Schoolteacher Jan Kammann took a trip around the world to learn more about the places where his pupils come from. He ended up discovering a lot about himself in the process.
What is the most important thing to know about Jan Kammann? He laughs and gives the question a little thought: "That I am very open-minded about the world. Every day, I have a lot of fun getting to know people and understand their circumstances." A short pause. "And also telling a joke now and then," the 39-year-old says, laughing some more.
For six years, Kammann has been teaching English and geography at the Gymnasium Hamm, a secondary school in Hamburg. Pupils at this "Europaschule" — a type of school in several German states that has an intercultural curriculum and innovative teaching methods — come from all over the world.
When they arrive at his school, Kammann says, they are often in a rather vulnerable situation: "Neither parents nor pupils speak a word of German. They have to put themselves at our mercy." People often think it is easy to integrate in Germany, Kammann says, but many things are different in other countries.
To better understand his students, Kammann took a voluntary leave of absence and traveled for a year through their native countries in Europe, Asia, Latin America and Africa. He wrote a book about his experiences: "A German Classroom: 30 pupils, 22 nations and a teacher on an around-the-world trip." Some of his experiences are detailed below, and in the gallery above.
Kammann relates how one pupil always came back to school days late after holidays with her family in Bulgaria. She said it was because of the lengthy bus trip. During the summer holidays, her teacher got on the bus himself and was amazed at how long the journey took.
The bus picks up Bulgarians across Germany who work as seasonal farmhands, on construction sites or as care givers. These are people whom many Germans don't really consciously perceive, Kammann says. "But our economy would probably not function without them."
After two days on the road, interrupted by a breakdown, Kammann arrived in the capital, Sofia, completely exhausted — and his pupil had to travel on a further 500 kilometers (311 miles) from there.
Kammann regularly encourages his international pupils to present "newsflashes" in which they report what media in their native countries are saying. His Russian pupil gave a talk about the "fascist intervention" by Western Europe in Ukraine. She spoke to the class about fascism and the many Russian victims at the hands of German aggressors during the Second World War.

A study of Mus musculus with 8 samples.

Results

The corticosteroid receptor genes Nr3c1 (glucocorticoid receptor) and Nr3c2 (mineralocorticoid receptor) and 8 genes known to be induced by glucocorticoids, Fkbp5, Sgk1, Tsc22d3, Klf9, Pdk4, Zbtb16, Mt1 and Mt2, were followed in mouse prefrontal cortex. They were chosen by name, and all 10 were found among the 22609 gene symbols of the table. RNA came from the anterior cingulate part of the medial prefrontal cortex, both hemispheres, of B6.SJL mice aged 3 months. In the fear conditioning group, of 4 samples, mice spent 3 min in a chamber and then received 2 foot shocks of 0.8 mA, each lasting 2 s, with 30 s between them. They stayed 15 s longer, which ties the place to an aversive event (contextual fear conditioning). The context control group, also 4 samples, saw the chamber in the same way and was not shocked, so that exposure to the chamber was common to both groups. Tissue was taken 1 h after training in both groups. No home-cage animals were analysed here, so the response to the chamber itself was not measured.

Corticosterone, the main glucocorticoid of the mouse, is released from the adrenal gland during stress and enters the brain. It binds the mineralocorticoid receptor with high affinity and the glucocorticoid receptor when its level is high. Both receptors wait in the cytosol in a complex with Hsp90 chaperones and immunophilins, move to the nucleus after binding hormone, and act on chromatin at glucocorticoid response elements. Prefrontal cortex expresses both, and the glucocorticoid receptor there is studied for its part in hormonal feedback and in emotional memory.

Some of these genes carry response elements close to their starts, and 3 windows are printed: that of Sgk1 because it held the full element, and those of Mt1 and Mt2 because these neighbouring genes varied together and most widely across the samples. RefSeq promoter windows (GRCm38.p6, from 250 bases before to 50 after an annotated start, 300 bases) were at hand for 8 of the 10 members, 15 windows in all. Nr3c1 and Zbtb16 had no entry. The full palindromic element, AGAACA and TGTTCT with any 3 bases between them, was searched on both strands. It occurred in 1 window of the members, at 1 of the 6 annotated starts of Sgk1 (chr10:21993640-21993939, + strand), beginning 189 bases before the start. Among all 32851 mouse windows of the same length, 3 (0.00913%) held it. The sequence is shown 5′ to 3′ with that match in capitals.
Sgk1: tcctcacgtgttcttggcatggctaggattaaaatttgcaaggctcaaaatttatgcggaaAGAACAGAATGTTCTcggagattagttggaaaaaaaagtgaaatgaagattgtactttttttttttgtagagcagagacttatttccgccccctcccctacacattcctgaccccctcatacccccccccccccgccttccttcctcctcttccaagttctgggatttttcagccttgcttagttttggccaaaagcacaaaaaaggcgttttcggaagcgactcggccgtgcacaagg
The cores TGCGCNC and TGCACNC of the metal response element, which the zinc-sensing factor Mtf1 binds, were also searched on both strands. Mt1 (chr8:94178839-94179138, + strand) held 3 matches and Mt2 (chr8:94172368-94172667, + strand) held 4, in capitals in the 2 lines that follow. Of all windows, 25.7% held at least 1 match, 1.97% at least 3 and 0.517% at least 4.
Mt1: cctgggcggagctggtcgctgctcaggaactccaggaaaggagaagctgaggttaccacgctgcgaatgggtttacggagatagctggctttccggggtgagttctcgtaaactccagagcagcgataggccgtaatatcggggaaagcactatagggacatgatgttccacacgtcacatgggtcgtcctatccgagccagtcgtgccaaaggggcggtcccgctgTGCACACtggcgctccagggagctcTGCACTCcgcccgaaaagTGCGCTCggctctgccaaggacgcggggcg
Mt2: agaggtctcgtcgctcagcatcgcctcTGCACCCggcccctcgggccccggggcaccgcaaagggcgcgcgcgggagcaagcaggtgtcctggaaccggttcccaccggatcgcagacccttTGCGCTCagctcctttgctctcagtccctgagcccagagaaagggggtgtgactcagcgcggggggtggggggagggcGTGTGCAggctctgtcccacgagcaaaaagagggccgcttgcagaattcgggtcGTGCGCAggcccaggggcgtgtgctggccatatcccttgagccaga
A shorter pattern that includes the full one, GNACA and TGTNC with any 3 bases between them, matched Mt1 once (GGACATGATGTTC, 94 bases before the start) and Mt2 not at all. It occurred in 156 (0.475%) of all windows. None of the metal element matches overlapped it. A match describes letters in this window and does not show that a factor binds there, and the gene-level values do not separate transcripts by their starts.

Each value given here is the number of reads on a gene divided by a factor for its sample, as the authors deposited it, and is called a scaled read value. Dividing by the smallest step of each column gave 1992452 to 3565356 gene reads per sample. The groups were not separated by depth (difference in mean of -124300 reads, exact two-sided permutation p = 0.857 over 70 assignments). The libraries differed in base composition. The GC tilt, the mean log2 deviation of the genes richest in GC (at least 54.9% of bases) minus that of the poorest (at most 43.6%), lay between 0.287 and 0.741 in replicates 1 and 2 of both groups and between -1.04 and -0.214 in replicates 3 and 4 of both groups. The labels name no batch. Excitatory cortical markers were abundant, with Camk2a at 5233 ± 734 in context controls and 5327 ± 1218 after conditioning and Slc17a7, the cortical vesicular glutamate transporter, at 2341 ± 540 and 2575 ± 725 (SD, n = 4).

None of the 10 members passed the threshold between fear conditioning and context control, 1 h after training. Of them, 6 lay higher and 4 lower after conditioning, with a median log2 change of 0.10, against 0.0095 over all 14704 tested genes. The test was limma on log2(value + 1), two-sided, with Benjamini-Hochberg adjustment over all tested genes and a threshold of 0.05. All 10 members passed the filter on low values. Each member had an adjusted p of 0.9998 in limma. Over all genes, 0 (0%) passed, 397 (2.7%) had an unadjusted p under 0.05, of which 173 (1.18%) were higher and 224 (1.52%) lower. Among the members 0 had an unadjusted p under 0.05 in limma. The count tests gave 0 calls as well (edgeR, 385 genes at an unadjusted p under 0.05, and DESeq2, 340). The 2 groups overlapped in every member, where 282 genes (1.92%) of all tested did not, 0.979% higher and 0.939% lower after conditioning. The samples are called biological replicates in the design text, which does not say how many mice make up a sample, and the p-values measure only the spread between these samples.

During Kammann's trip to Russia, he visited a German-Russian exhibition where he listened to recordings of German soldiers cynically describing how they murdered civilians. Reconciliation has to come from both sides, Kammann says, and you have to keep at it.
Iran: Learning new cultures
During many conversations with Iranians, Kammann realized how Eurocentric his view of the world is. An Iranian sociologist who knew a lot of European cultural history asked him if he was familiar with any of Iran's great intellectuals. Kammann couldn't name one. He decided to learn more about other cultures and integrate it into his teaching.
South Korea: Respecting food culture
Kammann had noticed that a female pupil from South Korea became uneasy when her classmates loudly discussed conflicts. During his stay in South Korea, he saw how much more carefully people there treat such topics.
He describes how, in a restaurant, he started kidding around and laughing loudly. Later, he says, he realized that his behavior could have been understood as a criticism of the waiter or the food. He says he was very sorry — in fact, he very much enjoyed the variety of Korean cuisine and even enrolled in a cooking course. Food promotes communication; Kammann also asks his pupils about the culinary specialties in their homelands.
Ghana: Refresher course on colonial history
Kammann's pupil Jeffrey was born in Ghana's capital, Accra. He was delighted that his teacher traveled to his native country and those of his fellow pupils. "I don't know any teacher like him who would do such a thing," Jeffrey, now 19, told DW.
Jeffrey says he finds it annoying that there is so much generalization in Germany about Africa. Every country there is different, he says, but there is little heard about it in school.
He had recommended that Kammann learn about the slave trade in Ghana. In Cape Coast, the teacher visited a museum that explained how colonial powers first carried off gold and tropical wood, and finally people from West Africa as slaves. Kammann was shocked by the cruelty.
Integration in the classroom
Stefan Behlau, who heads an education association in the German state of North Rhine-Westphalia, says Kammann's approach is "interesting and enriching." However, Behlau believes that kind of hands-on education is very time-intensive and thus very difficult to translate onto a larger scale, particularly given the current lack of teachers in Germany.
"If we had enough personnel and time, integration in school would long have ceased to be a political issue," he says. "What is important is to look at where pupils are starting from, not only for the sake of cultural and linguistic integration, but also social integration."
More world trips coming?
Kammann says that since his trip, he respects his pupils even more for their achievements in learning German and the way they adapt to a new culture. He says he feels very privileged to hold a German passport. He has brought back many questions about poverty, wealth, trade and fairness that he includes in his teaching.
He can easily imagine traveling to his pupils' native countries again: "I have travel guides for 45 countries — enough material for a lot of world trips."